Hayes leaves military behind in hopes of moving Port forward
Doug Hayes has spent most of his adult life traveling the world to serve his country. Now he's ready to settle down in St. Helens to serve Columbia County.
Hayes was recently hired on as executive director at the Port of St. Helens.
A career military man and University of North Georgia graduate, Hayes retired from the the U.S. Army as a battalion commander just in time to relocate his family from Harker Heights, Texas, to take the Port gig in Oregon.
"My family has been in the military since before the Revolutionary War," Hayes notes, recounting an Army brat childhood that took him across the country before he landed in New Jersey long enough to finish high school there. Hayes is the product of several generations of Army veterans, but his new government role represents a bit of uncharted territory.
He'll have the challenge of learning Oregon's public agency rules while navigating the political and economic landscape of Columbia County, but at this point, there's no challenge Hayes isn't up for.
"The military gives you perspective, it gives you the ability to work with other people, other organizations, and broadens your perspective," Hayes says. "I've worked with so many different foreign militaries, worked with the State Department numerous times."
Hayes says his history of high-level assignments and international negotiations is a good primer for the work ahead of him at the Port, as the county is poised for industry and population growth.
After three tours in Iraq, which left him trying to help rebuild the economy and working with business owners in Anbar Province, stints in Kosovo and Germany, he's played key roles in helping implement democratic elections overseas while working with shop owners to help them revive their businesses in war-torn countries.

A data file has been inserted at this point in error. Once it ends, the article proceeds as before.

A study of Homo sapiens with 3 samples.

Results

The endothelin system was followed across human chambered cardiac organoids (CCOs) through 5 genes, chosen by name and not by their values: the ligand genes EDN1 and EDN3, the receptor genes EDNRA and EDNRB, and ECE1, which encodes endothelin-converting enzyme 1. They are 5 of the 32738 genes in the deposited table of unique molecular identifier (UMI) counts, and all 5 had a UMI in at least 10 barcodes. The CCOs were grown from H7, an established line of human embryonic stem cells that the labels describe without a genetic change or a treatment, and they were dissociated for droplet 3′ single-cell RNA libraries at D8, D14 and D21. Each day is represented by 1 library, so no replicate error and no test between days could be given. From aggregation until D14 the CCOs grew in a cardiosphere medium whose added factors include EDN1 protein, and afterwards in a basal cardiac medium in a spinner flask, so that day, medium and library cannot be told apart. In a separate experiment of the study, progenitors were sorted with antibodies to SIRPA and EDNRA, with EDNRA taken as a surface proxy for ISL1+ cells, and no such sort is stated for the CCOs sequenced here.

"It was almost balanced between security and economic improvements," Hayes says of his time in Anbar Province.
Balance is a key word.
It's easily the single most pressing issue the Port faces as the agency waits for whatever legal and political hurdles lie ahead in the attempt to expand Port Westward Industrial Park, at the expense of valuable farmland.
"I don't want something that would interfere with the agricultural capability out there," Hayes says. "I've heard the challenges with the rail, the challenges with the road system, certainly the challenges with the environmental aspect. I can't stress that enough, the environmental aspect. That's really important. It's one of the things that drew [my family] here, too."
Despite sharp division on whether the project should move forward, Hayes is confident the Port can find the balance between industrial growth and sustainability of the Columbia River and its surrounding agricultural operations.
"The Port is not going to be irresponsible with this," he says. "We are going to take a hard look at anything that comes to the area. Economic development is crucial in every society, as long as it benefits everybody and not just one person. Bringing economic development to an area is good if it's successful, because it creates jobs ... and sometimes indirect jobs. It's a great thing to see, but it's gotta be done responsibly."